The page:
End Of January Pattern Update

Written by on January 7, 2014 in NatGasWeather - No comments

Weather Patterns To See-Saw For Much Of January

 

The weather patterns for the second half of January will be fairly challenging as each week looks to bring a different flavor of weather to the US.  We know the upcoming second week of January will play out quite mild, which we have been forecasting for some time, as a major pattern change takes place.  Temperatures will warm considerably over the coming days and will last through this weekend, significantly easing nat gas and energy demand.  However, as we have been forecasting, fresh batches of cold air will again invade the northern US to start the third week of January.  After the coming warm up, the next cold outbreak should track through the Midwest around the 14th with only modestly cold air and not a very expansive swatch of chilly conditions (first image).  This will open the door for a more impressive one to follow a few days later as a much colder blast is set to push across the Canadian border around the 17th, again impacting much of the central and eastern US (second image).  There are still many details to be ironed out, as the data has yet to fully agree on how much of the US will be affected (third image).

 

After several fresh cold outbreaks for week 3, it looks like there should again be another significant attempt at a pattern change for week 4 where the jet stream tries to again push into the West coast while the central and eastern US again warms to near or above normal (last image).  This would lead significant easing of nat gas and energy use to close out January.  We are not quite convinced this is exactly how it will play out as the ridge off the western US that has been blocking storms for months and has yet to finally give up, and it until it does, the pattern hasn’t changed.  What we are trying to convey is the pattern going into the last week of January again looks favorable for a significant pattern change, much like it is playing out for this week.  We need to see more convincing data for us to completely buy in, but it looks promising.  Therefore, the weather pattern over the US is expected to be quite mild for the coming week, followed by cooling for week 3, and very possibly warming again for all but the western US for week 4.   This see-saw pattern will likely challenge the nat gas markets and players as national forecasts struggle as the meteorological data is sure to provide a lot of uncertainty and whip-sawing of forecast data from one suite of meteorological data to the next.

 

By around January 14th a new cold blast will push into the Midwest.  However, compared to the recent cold, it will only bring a modest cold snap.  The image shows temperatures a few thousand feet off the ground in Celsius.  As you get into the dark blues and purples, temperatures will be quite chilly, but it won't cover a large area.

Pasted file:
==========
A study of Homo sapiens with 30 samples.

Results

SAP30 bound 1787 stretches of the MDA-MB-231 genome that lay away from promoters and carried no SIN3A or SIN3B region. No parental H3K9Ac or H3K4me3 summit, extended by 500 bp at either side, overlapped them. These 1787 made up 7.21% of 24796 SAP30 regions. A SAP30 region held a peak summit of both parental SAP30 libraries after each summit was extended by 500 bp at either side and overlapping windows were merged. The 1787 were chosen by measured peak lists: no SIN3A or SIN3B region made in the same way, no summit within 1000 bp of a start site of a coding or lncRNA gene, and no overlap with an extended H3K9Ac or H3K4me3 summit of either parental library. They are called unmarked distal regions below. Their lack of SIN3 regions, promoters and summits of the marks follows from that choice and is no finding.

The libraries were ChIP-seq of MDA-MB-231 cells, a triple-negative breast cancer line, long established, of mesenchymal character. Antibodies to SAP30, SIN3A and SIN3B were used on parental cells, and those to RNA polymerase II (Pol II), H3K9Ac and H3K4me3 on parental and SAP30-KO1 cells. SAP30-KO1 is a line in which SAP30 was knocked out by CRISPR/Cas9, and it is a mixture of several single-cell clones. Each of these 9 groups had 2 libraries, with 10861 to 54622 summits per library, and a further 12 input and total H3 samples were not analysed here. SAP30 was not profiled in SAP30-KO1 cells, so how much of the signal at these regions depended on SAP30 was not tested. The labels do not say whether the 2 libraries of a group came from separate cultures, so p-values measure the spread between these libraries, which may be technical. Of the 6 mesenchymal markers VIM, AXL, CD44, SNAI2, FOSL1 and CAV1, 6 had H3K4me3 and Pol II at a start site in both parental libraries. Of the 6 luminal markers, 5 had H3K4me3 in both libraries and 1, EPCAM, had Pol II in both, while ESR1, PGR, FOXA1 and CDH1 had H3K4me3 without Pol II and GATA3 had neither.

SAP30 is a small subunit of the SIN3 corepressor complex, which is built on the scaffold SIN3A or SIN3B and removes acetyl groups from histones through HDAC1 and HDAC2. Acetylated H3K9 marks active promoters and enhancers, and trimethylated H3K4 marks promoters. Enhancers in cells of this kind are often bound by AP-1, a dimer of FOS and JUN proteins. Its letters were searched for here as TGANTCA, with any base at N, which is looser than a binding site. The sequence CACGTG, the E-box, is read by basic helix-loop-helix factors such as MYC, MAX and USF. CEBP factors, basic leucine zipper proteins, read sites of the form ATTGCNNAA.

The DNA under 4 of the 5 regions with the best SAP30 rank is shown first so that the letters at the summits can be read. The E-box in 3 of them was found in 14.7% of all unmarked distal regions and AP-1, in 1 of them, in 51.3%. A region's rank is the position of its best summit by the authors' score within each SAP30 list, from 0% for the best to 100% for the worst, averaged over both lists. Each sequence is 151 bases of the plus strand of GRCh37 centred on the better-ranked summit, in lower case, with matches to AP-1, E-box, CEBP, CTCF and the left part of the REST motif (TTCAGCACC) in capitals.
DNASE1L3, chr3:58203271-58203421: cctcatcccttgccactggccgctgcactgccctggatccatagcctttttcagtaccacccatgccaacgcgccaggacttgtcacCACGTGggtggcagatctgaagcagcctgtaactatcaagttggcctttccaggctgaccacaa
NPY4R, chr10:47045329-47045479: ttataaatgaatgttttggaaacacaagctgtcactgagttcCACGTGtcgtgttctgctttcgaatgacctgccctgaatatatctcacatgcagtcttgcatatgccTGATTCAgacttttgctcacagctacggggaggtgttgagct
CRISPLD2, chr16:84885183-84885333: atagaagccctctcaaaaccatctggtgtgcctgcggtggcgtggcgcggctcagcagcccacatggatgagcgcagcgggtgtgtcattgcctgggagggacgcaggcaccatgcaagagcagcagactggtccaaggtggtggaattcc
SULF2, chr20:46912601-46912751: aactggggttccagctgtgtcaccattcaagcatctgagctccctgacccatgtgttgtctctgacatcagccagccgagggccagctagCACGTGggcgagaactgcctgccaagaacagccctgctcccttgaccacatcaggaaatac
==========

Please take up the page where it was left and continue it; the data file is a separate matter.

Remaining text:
By around January 14th, a new cold blast will push into the Midwest. However, compared to the recent cold, it will only bring a modest cold snap. The image shows temperatures a few thousand feet off the ground in Celsius. As you get into the dark blues and purples, temperatures will be quite chilly, but it won’t cover a large area.

 

However, by around January 17th, there likely will be a more impressive Arctic blast to push into the Midwest and Northeast.  How far south this one makes it is still a bit uncertain.

However, by around January 17th, there likely will be a more impressive Arctic blast to push into the Midwest and Northeast. How far south this one makes it is still a bit uncertain.

 

 

There is still quite a bit of uncertainty on how much of the US will be impacted by fresh cold outbreaks.  This image shows potential ways the pattern plays out and each one is a bit different on the extent of a big eastern US trough.  Although, all solutions are consistent with the trough, they have some things they need to iron out.

There is still quite a bit of uncertainty on how much of the US will be impacted by fresh cold outbreaks. This image shows potential ways the pattern plays out around January 19th and each one is a bit different on the extent of a big eastern US trough. Although, all solutions are consistent with the trough, they have some things they need to iron out.

 

The weather pattern for the last week of January could undergo another big transitions.  The image shows the jet stream and height/pressure pattern around the 22nd of January.  It is very possible the jet stream finally will push into the west coast, which would bring a big ridge into the central US and would lead to mild conditions for all of the central US, which would likely push into the East.

The weather pattern for the last week of January could undergo another big transition. The image shows the jet stream and height/pressure pattern around the 22nd of January. It is very possible the jet stream finally will push into the west coast, which would bring a big ridge into the central US and lead to mild conditions for all of the central US, which would then likely push into the East for only modest nat gas and energy demand.